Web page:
My neighborhood, Dilworth, has a bit of art. In particular, I’m thinking of the public sculpture “Timeline,” by Robert Winkler. It looks like a couple of giant Ruffles chips fused together, but symbolizes “the conflict between the limitations imposed by our individual histories and the ability of our minds to imagine other possibilities.”

If you think your neighborhood also needs a pop of art, it just might get one. In April, the Bechtler Museum of Modern Art and the Harvey B. Gantt Center for African-American Arts + Culture are launching Inside|Out Charlotte as part of the John S. and James L. Knight Foundation’s national initiative to share collections and bring art into communities.

Basically, you can expect to stumble across some public art exhibitions around town. Framed, high-quality reproductions of artworks on display at the two museums will be placed in parks and various unexpected spots in the community. The museums will also plan with partner communities to bring corresponding educational opportunities like walking tours and discussions to the areas with art displays.

“The program focuses on visual art institutions and specifically those whose collections are digitized,” said Bonita Buford, Gantt Center COO. “The Knight Foundation was interested in expanding the national Inside|Out program to Charlotte and selected the Gantt and the Bechtler.”

The program actually began eight years ago at the Detroit Institute of Arts and has partners around the nation, including the Philadelphia Museum of Art and the Perez Art Museum Miami.

It’s unclear where the art will be placed in Charlotte. Inside|Out Charlotte is busy reaching out to city and community representatives, development authorities and arts organizations interested in being part of this program.

Participating communities can get exhibitions — to be professionally installed — in the spring, from April to July, or in the fall, from September to December. Those exhibitions will feature five to eight reproductions within walking or bike-riding distance from each other. Total, there will be up to 60 reproduced artworks displayed around the city in the spring, with 80 more to come in the fall.

The reproduced works will be free-standing and/or mounted on a site, printed on weather-proof aluminum panels. They will only be placed in neighborhoods that have requested them.

“The works on display will range from abstract, to figurative, to photographs,” Buford said.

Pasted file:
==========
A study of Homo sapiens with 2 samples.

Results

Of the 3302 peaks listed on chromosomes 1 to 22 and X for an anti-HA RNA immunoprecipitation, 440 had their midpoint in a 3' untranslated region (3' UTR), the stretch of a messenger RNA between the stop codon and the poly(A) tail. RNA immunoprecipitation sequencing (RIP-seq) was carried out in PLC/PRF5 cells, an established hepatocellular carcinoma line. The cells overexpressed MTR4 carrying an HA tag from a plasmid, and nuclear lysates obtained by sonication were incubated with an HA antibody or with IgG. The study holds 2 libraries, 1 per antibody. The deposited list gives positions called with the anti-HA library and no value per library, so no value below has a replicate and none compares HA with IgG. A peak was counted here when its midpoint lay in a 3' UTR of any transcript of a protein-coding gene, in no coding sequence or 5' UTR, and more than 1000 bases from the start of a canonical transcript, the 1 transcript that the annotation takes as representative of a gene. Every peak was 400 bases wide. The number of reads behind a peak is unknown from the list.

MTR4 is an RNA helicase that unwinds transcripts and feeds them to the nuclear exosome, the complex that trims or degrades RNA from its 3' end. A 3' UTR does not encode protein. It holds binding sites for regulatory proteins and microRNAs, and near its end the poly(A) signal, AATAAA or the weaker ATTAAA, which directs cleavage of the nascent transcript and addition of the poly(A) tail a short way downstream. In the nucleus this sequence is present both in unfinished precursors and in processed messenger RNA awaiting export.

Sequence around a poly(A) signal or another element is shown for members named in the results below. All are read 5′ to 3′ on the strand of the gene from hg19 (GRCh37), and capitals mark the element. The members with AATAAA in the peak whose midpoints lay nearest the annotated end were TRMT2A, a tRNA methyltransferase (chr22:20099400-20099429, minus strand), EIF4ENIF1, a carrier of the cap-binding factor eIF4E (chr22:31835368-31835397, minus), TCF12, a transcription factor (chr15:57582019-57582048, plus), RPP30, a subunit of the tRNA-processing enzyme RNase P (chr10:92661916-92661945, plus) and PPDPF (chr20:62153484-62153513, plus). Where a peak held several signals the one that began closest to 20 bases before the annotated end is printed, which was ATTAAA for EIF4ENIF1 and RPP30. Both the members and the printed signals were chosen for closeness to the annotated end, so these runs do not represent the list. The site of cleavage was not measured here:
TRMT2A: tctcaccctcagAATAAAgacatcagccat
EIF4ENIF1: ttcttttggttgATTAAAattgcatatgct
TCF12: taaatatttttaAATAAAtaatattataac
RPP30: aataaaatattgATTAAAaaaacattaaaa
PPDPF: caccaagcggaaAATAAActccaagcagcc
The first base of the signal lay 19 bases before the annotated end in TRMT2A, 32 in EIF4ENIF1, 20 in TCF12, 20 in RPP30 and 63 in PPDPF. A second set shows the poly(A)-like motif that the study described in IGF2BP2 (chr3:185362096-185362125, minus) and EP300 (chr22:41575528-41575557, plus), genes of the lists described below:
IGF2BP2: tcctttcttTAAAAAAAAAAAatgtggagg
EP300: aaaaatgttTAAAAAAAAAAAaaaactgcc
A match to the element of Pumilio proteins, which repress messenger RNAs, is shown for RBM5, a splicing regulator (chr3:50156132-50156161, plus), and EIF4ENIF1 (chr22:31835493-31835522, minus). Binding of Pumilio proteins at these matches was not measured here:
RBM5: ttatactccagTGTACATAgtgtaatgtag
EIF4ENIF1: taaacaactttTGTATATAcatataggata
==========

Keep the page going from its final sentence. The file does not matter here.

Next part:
For example, some selections for the spring installation will be coming from the Gantt Center’s current exhibition “Jordan Casteel: Harlem Notes” (see featured photo), and from the Bechtler Collection’s current exhibition, “Summing It Up at the End: Alberto Giacometti’s ’45 Drawings’ Portfolio.”

“We anticipate work being installed throughout Charlotte,” Buford said. “We do plan to install two reproductions on The Green in Uptown Charlotte as a teaser in early March with the program launched throughout the city April 30.”

I can’t wait to see what I run across during my jogs this spring.

To learn more

Visit the Inside|Out Charlotte website at InsideOutCLT.org.

Also worth noting

The Inside|Out Charlotte team consists of both institutions’ staffing:

Christopher Lawing – Bechtler, VP and Director of Programming
Bonita Buford – Gantt Center, COO
Sharon Holm – Bechtler, Director of Marketing and Communications
Lauren Houston – Bechtler, Public Programs Coordinator
Alexys Taylor – Gantt Center, Assistant Registrar
Catherine Courtlandt McElvene, Inside|Out Charlotte consultant

Image: Courtesy of the Gantt Center


  1. We need the city/County to commission graffiti artists/muralists/painters for murals! There are so many blank sides of buildings, bridges and walls begging for colors. We are a long way from Miami and Philly.
    We have to invest in areas other than Dilworth and Southend, which really aren’t very exciting areas unless you are affluent or lucky to find the few places to live where rent is cheap.